For any proposition P, at a given time, in a given respect, there are three related laws:

It is possible to state the laws of noncontradiction and the excluded middle in the formal manner of the traditional propositional calculus:
In fact, with the law of bivalence taken for granted, the two other laws can be derived as theorems, using the rules of propositional calculus.
It is, however, not possible to state the principle of bivalence in such a way, as the traditional propositional calculus just assumes sentences are true or false.
Why these distinctions might matter
These different principles are closely related, but there are certain cases where we might wish to affirm that they do not all go together. Specifically, the link between bivalence and the law of excluded middle is sometimes challenged.
A famous example is the contingent sea battle case found in Aristotle's work, De Interpretatione, chapter 9:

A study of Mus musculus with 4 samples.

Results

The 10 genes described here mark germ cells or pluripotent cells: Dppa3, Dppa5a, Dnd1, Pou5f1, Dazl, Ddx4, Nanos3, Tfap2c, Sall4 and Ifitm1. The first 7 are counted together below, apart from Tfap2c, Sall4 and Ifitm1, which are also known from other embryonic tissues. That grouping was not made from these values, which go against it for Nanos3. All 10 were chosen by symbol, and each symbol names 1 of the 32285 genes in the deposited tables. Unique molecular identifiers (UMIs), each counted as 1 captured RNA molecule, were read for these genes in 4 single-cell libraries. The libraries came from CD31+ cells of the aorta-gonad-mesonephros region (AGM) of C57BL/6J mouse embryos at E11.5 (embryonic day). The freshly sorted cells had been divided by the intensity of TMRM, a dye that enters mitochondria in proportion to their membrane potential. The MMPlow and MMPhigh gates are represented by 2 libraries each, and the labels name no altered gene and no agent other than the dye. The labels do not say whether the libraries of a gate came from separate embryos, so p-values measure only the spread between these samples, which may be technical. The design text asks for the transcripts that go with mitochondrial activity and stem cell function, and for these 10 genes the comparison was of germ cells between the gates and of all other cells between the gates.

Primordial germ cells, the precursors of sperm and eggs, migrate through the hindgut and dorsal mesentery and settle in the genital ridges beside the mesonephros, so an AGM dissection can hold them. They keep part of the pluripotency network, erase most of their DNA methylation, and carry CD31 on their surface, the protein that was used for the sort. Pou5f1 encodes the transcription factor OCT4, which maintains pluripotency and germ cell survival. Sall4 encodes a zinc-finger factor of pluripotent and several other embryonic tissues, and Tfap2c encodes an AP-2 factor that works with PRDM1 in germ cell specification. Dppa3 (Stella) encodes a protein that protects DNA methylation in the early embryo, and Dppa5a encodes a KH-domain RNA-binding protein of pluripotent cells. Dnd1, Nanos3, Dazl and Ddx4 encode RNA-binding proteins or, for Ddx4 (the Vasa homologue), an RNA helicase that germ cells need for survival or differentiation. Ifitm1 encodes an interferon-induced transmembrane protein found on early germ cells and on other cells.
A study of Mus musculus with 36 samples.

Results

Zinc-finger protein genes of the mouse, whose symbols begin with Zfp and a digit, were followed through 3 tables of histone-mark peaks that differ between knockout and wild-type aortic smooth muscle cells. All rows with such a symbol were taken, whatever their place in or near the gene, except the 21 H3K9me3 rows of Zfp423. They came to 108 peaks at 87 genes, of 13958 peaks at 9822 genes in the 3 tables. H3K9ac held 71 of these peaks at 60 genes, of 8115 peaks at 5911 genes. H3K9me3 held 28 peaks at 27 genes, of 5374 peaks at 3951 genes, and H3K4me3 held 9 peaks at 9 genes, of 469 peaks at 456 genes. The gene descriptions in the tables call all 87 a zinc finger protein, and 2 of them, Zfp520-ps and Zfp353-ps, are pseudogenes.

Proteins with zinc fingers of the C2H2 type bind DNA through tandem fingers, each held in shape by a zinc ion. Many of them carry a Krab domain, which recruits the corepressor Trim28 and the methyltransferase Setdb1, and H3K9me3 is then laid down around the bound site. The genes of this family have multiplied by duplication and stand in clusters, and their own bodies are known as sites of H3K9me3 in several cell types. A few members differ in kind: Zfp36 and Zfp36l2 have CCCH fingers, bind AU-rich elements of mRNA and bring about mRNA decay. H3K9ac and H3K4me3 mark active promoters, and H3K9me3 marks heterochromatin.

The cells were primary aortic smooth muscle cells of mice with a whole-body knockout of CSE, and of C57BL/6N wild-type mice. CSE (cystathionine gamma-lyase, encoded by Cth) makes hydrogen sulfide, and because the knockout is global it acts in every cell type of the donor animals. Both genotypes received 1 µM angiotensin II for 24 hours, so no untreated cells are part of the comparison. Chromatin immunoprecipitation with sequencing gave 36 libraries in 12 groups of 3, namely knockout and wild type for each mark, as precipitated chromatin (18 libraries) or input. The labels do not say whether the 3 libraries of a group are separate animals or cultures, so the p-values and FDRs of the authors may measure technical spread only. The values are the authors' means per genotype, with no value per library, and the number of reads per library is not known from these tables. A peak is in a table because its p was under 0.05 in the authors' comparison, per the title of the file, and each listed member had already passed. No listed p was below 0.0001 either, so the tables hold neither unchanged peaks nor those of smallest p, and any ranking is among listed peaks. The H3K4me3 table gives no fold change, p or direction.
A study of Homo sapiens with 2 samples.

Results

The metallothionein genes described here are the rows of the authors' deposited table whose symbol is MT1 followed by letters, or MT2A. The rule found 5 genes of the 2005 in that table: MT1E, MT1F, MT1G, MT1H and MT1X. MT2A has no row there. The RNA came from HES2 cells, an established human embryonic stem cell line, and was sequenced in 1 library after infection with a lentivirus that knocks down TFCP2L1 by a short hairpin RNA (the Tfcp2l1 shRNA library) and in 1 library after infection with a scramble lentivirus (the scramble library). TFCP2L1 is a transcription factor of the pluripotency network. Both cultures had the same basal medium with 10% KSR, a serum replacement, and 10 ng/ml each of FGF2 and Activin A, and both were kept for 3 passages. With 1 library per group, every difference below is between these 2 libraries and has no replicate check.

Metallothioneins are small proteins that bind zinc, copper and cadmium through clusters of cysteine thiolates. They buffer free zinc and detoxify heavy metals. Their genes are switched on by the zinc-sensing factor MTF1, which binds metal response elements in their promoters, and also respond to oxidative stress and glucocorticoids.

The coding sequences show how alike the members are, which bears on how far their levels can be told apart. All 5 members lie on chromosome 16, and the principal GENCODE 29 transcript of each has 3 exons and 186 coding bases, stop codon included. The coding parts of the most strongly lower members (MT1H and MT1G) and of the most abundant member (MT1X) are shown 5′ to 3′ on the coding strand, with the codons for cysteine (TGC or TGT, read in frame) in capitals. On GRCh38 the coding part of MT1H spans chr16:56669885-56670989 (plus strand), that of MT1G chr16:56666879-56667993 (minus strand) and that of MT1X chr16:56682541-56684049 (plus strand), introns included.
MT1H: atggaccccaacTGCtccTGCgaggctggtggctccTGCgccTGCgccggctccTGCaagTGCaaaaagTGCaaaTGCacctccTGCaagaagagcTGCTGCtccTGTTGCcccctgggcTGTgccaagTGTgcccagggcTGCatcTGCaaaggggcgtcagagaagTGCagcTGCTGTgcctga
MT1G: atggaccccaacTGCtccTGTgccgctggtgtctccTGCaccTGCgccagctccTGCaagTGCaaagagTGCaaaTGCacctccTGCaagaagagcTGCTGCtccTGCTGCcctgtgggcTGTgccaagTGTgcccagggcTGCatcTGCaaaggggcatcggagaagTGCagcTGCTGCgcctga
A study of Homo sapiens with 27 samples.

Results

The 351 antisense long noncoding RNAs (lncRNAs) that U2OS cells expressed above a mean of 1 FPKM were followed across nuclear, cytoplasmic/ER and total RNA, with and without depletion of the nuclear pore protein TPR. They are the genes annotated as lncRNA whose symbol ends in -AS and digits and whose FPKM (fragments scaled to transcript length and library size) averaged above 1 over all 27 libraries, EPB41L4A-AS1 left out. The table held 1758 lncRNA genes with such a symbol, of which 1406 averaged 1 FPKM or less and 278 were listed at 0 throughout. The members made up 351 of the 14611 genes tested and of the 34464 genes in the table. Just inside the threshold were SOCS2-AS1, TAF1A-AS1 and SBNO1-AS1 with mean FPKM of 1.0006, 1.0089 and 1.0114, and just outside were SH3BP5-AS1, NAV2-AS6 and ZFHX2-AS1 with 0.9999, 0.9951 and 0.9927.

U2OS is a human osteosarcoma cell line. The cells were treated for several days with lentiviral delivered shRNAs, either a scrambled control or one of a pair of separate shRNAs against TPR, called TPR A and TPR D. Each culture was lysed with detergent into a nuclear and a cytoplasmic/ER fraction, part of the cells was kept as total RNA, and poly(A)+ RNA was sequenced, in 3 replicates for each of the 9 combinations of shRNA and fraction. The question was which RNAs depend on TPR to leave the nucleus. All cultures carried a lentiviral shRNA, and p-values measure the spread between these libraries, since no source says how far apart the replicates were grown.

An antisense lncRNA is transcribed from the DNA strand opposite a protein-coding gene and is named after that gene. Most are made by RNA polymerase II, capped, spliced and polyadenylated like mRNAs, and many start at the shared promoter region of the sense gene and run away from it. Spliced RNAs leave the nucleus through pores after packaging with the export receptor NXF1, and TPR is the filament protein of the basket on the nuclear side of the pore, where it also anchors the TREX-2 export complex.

The law of the excluded middle clearly holds:
However, some philosophers wish to claim that P is neither true nor false today, since the matter has not been decided yet. So, they would say that the principle of bivalence does not hold in such a case: P is neither true nor false (yet). This view is controversial, however.
In fuzzy logic or other multivalued logics dealing with vagueness, again it may be the case that (P or notP) is true but P is not considered true or false. For example, suppose P is:
In this case, in multivalued logics, this proposition may be given a truth value in between "true" or "false" (if Joe has a bit of hair, but not much). Nevertheless, under some such logics, the following statement may be considered true:
So such logics reject bivalence, but maintain the law of the excluded middle.